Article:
I do some of my best thinking on walks while listening to some combination of silly pop music and songs from my son’s favorite movies and tv shows. Something about that scenario gives me the mental space to think clearly and deeply about creative projects.
Sometimes on these walks, I can write a whole script for a video in my head; other times, I generate a few unstructured fragments that need to be worked into something better. My favorite tool for building out those fragments is a mind map.
What Is a Mind Map?
A mind map is a visual organization of hierarchical information. Put another way, they are the prettier version of bulleted lists. So if you are working on creating something that has a few main ideas and each idea has some details, you will probably benefit from a mind map.
All you need in order to get started is a pen, paper, and an idea.
Borrowing from my days as an anatomy teacher, I’ll make a mind map about the three types of muscle tissue. Starting with the main idea of Muscle Tissue, I’ll make three branches, one for each type of muscle tissue.
From there, I can add some detail to each muscle type by making smaller branches.
I can even draw connections between the smaller details that the different types of tissue have in common.
As you can see, my skill with pen and paper is lacking. I am also a terrible speller, so analog mind maps are not my preference. I also feel like there is not a lot of room for error when working on a physical artifact but to each their own.
Digital Mind Maps
There are also many digital tools specially designed to create mind maps. When I need to collaborate on them, I love Coggle, but these days I don’t do much collaboration with mind maps, so I prefer using a local app called Mindnode.
Whichever tool you use, mind maps are great tools for organizing information, especially in the early creative stages.
Why Do I Use Mind Maps?
I am not a very good artist. I struggle with committing something to paper without knowing how the end product will turn out. This is a Catch-22 because I rarely have the fully formed creation in my head at the start, so I can quickly get stuck in the ideation phase.
I Can Be Messy
I think this is a big reason why I like digital content creation so much more than physical. For some reason, moving pixels around on a screen is something I do without hesitation versus the idea of erasing or crossing out something written. Mind maps, especially digital ones, are excellent tools for me to build out an idea because I can be messy.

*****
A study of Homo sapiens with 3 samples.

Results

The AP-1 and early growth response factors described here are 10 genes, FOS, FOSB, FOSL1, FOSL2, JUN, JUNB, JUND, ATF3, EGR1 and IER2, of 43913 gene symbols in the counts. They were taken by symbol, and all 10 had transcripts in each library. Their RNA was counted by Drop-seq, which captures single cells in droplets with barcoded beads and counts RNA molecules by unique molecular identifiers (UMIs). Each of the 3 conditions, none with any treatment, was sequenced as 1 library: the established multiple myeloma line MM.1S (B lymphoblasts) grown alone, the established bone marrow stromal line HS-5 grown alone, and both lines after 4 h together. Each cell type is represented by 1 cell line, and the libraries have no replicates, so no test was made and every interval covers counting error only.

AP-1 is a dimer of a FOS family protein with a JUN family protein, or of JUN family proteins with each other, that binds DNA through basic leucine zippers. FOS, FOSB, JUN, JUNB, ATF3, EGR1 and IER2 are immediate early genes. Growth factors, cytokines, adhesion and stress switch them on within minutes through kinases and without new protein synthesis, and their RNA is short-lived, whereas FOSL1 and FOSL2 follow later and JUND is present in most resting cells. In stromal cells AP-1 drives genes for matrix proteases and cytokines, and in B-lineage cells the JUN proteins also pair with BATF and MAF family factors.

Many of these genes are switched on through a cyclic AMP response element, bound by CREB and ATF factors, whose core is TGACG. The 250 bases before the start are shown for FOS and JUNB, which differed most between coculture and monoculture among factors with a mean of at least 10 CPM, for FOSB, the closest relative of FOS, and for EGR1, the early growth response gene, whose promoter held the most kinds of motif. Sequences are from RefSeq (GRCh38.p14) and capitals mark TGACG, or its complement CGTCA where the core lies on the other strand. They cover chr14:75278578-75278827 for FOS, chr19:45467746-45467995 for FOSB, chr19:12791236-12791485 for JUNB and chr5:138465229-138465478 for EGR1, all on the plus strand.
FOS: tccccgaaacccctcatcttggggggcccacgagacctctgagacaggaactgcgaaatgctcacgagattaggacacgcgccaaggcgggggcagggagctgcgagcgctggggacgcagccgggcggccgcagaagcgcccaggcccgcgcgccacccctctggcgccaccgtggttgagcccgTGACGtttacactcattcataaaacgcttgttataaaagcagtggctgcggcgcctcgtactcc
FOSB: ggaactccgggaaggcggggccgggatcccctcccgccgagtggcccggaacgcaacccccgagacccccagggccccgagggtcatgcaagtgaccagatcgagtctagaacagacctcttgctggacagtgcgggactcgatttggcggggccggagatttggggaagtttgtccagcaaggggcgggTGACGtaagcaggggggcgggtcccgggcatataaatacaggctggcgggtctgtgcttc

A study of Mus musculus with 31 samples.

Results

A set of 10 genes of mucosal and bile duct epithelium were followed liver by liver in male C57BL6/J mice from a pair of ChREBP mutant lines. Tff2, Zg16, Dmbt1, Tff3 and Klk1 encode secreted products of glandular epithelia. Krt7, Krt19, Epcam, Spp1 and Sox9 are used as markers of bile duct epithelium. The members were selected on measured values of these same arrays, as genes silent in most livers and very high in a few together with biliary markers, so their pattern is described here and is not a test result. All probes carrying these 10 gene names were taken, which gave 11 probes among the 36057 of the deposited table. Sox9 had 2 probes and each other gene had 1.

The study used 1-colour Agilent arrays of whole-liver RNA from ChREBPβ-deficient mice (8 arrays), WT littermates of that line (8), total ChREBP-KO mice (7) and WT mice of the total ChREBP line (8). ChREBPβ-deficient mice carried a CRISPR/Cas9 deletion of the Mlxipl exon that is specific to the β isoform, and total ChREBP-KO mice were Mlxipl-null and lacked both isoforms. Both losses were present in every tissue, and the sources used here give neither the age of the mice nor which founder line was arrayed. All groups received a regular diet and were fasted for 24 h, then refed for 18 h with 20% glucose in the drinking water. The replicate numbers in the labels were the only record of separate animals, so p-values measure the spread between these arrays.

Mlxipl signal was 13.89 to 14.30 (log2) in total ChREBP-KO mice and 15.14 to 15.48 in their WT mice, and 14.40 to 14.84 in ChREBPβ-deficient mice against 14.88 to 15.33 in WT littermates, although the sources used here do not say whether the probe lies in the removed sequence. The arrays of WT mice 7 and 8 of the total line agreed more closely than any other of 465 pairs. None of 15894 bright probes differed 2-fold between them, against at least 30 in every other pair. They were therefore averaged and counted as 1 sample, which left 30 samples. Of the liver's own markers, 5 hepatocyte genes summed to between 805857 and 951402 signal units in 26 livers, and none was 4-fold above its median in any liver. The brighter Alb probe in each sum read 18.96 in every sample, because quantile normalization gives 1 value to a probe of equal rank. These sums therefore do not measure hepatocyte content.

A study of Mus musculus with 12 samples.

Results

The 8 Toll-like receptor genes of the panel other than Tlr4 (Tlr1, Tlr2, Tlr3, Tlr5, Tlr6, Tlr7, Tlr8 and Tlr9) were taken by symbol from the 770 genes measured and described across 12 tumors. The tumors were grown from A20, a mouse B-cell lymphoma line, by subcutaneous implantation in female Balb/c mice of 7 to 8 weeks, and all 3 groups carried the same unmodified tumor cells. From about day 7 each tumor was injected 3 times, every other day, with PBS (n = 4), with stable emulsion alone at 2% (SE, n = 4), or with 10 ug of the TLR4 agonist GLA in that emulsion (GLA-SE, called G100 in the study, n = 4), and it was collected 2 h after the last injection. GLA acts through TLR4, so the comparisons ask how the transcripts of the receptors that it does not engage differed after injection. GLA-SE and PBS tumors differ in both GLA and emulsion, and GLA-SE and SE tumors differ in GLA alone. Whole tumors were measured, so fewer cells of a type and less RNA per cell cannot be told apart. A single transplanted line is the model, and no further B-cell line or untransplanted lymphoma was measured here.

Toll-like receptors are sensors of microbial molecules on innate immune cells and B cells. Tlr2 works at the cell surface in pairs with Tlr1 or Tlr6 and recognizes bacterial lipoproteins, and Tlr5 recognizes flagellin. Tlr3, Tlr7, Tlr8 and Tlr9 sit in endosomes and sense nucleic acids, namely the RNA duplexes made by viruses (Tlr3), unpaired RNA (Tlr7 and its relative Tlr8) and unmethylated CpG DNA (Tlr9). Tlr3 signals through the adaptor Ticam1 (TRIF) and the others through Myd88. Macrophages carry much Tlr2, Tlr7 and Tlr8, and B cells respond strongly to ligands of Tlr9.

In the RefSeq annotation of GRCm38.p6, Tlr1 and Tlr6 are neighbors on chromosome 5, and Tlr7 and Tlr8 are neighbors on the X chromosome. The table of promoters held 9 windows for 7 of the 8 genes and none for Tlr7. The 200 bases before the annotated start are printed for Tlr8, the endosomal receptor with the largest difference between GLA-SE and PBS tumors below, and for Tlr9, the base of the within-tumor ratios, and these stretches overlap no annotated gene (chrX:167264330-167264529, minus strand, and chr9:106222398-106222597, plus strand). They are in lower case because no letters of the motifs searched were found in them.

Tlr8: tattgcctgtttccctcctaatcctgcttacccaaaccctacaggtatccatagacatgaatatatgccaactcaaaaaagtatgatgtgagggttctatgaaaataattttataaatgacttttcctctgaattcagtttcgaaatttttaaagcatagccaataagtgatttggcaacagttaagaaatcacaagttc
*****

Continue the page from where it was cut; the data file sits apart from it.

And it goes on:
I Think in Outlines
By default, I write (and think) in bulleted lists. Narrative writing (like this post) requires more effort and is less comfortable for me. Since a mind map is just a visual version of an outline, they easily fit into my brain. With the added benefit of being easier/more fun to edit and revise, to me, mind maps are an upgraded version of outlines.
The Work is Transferable
Specifically, Mindnode is great for me because I can work on a mind map from any device, refine it to my heart’s content, and I can easily copy the finished structure into Drafts as markdown.
What Do I Mind Map?
Not only do I use mind maps to organize my creative pursuits, like blog posts and videos, but I also use them to help with the planning stages of presentations, academic papers, and work projects.
It took quite a while for mind maps to stick for me. I kept resisting them, thinking they were just fancy visuals that looked like work but were actually a form of procrastinating.
Eventually, it because clear to me that they are terrific tools for the messy early stages of the creative process. Doing them digitally made it so much more approachable for me. Doing them with Mindnode fits into my existing workflow so well that I am frustrated with my past self for taking so long to come around.
Regardless of the tool you use to create them, I highly encourage you to give mind mapping a try if you are doing any type of complex knowledge work. They are more powerful than you think.